The elected official took a tour of Forest Hills’ Austin Street shopping district last Wednesday to spread the word about a few good stores and show support for locally owned small businesses.
Led by the Queens Chamber of Commerce and the Forest Hills Chamber of Commerce, the congressman’s tour brought him face to face with a number of small business owners who said that their fiscal fortunes had changed for the worse over the last several months.
“I’m trying to convince people to shop at stores in Queens rather than in Manhattan or online,” said Weiner. “When the national economy catches a cold, small businesses get pneumonia. We need to send a message to shoppers that they should be more open to small businesses, and that if they look in their own neighborhoods, they might just find a jewel of a store.”
“We provide service that you could never get in a mall,” said Ariena Thomsen, owner of Thank Heaven Childrens’ Boutique. “People want nice stores like this.”
Many of the owners of stores on Austin Street admitted to facing hard times, with fewer customers coming to their businesses and those that do spending less.
“Business has been slow over the last two months,” said Michael Voulgaris of the Austin House Diner. “I don’t see a lot of people on the street, and I’m seeing a lot of businesses close. People are losing business. It’s tough for everybody.”
“In the past two weeks, our restaurant has been down $500 a day,” said J.R. Valdez, owner of Latin Cabana. Valdez recently opened a second store at the Queens Center Mall, which he says is doing very well at the same time his flagship store is failing. “Big malls are doing good, while shopping districts are doing badly.”
“For the first few years, my store was doing okay,” said Thomsen. “But these days, when I come to work in the morning, I just feel depressed.”
Another reason Austin Street and other outdoor shopping hubs have seen dwindling customers may be parking. Almost every business owner and customer in the neighborhood has complained about how difficult it is to park on Austin Street, saying that a lack of available street parking combined with overzealous traffic officers have made it tough for many to justify shopping in the area, and the growing number of vacant storefronts is a testament to that fact.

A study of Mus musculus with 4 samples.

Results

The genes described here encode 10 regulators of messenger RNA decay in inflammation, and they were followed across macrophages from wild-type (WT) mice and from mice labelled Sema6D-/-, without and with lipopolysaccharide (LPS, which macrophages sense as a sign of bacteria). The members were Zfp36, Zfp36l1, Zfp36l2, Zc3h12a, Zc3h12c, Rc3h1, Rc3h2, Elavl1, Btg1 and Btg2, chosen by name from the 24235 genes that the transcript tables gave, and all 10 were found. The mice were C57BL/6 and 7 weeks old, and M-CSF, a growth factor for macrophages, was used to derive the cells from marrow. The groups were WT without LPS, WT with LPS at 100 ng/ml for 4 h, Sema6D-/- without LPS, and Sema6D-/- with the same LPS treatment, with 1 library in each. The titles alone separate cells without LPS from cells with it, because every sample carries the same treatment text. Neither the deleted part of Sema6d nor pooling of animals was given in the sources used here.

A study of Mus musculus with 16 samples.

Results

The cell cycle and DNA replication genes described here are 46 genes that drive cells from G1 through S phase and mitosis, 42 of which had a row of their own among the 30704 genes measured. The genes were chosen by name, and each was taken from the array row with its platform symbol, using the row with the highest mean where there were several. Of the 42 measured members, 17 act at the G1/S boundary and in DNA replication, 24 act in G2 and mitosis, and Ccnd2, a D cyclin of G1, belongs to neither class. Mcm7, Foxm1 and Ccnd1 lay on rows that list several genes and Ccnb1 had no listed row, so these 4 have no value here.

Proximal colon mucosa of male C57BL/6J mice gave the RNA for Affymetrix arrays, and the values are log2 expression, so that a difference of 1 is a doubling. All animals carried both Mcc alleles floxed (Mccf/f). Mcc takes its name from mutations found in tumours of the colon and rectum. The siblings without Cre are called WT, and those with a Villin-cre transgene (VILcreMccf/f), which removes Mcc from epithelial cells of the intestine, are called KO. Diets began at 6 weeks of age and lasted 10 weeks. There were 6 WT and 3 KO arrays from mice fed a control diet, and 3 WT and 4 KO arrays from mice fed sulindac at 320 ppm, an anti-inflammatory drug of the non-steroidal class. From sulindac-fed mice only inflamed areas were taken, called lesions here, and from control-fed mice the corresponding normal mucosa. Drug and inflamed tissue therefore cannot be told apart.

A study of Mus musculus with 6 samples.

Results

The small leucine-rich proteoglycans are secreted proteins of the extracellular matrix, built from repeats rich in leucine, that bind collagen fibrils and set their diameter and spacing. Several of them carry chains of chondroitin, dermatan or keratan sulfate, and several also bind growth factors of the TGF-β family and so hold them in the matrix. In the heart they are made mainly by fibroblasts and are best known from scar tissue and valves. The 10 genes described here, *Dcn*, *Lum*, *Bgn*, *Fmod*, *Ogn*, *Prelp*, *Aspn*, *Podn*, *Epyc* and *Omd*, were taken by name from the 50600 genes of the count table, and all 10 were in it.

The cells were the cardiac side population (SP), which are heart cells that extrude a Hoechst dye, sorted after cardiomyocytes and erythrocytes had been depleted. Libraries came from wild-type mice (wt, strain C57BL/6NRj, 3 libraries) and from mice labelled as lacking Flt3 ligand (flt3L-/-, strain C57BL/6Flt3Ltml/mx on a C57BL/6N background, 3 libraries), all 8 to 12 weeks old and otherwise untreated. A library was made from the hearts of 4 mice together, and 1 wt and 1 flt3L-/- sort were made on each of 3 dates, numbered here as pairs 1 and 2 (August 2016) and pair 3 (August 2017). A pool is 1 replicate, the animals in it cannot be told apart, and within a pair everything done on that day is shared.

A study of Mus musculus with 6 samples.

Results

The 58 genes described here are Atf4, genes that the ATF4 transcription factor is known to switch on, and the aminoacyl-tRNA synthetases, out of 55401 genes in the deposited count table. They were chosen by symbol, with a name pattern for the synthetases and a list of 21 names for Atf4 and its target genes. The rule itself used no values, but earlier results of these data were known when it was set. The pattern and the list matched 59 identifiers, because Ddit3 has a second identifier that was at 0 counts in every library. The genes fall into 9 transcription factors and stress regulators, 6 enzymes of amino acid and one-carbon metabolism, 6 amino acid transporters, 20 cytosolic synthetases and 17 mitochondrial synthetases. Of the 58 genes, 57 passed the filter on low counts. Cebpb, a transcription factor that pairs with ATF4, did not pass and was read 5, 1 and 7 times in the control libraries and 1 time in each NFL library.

“It’s not worth it for people to come by and get a $3 cup of coffee when they have to risk a $50 parking ticket,” said Valdez. Another storeowner described the strict meter-keeping as “harassment” against both her and her customers.
“It’s a parking ticket tsunami,” said Weiner, who lives close to the shopping district. “It’s wild what’s going on around Austin Street.”
In conjunction with Congresswoman Nydia Velasquez, Weiner released a report indicating that Queens-based businesses borrowed 48 percent less this year than they did in 2007, which is the most significant drop of any borough. According to the congressman, the decrease is an indicator that small businesses in the borough have less expendable capital and confidence in the future.
On his tour, Weiner outlined several policies that he felt could ease the hurt of the economic crisis.
“We need to send a message to the government to be more hospitable to small businesses,” he said.
He called for a stronger small business associations at every level of government and proposed the creation of a website that would direct New Yorkers to stores near where they lived rather than across the city.
Congressman Anthony Weiner speaks with Austin Street business owner Ariena Thomsen about the difficulty of owning a small business.
Congressman Anthony Weiner and Garth Clark of Laytner Linens discuss the poor economy and its effect on small businesses.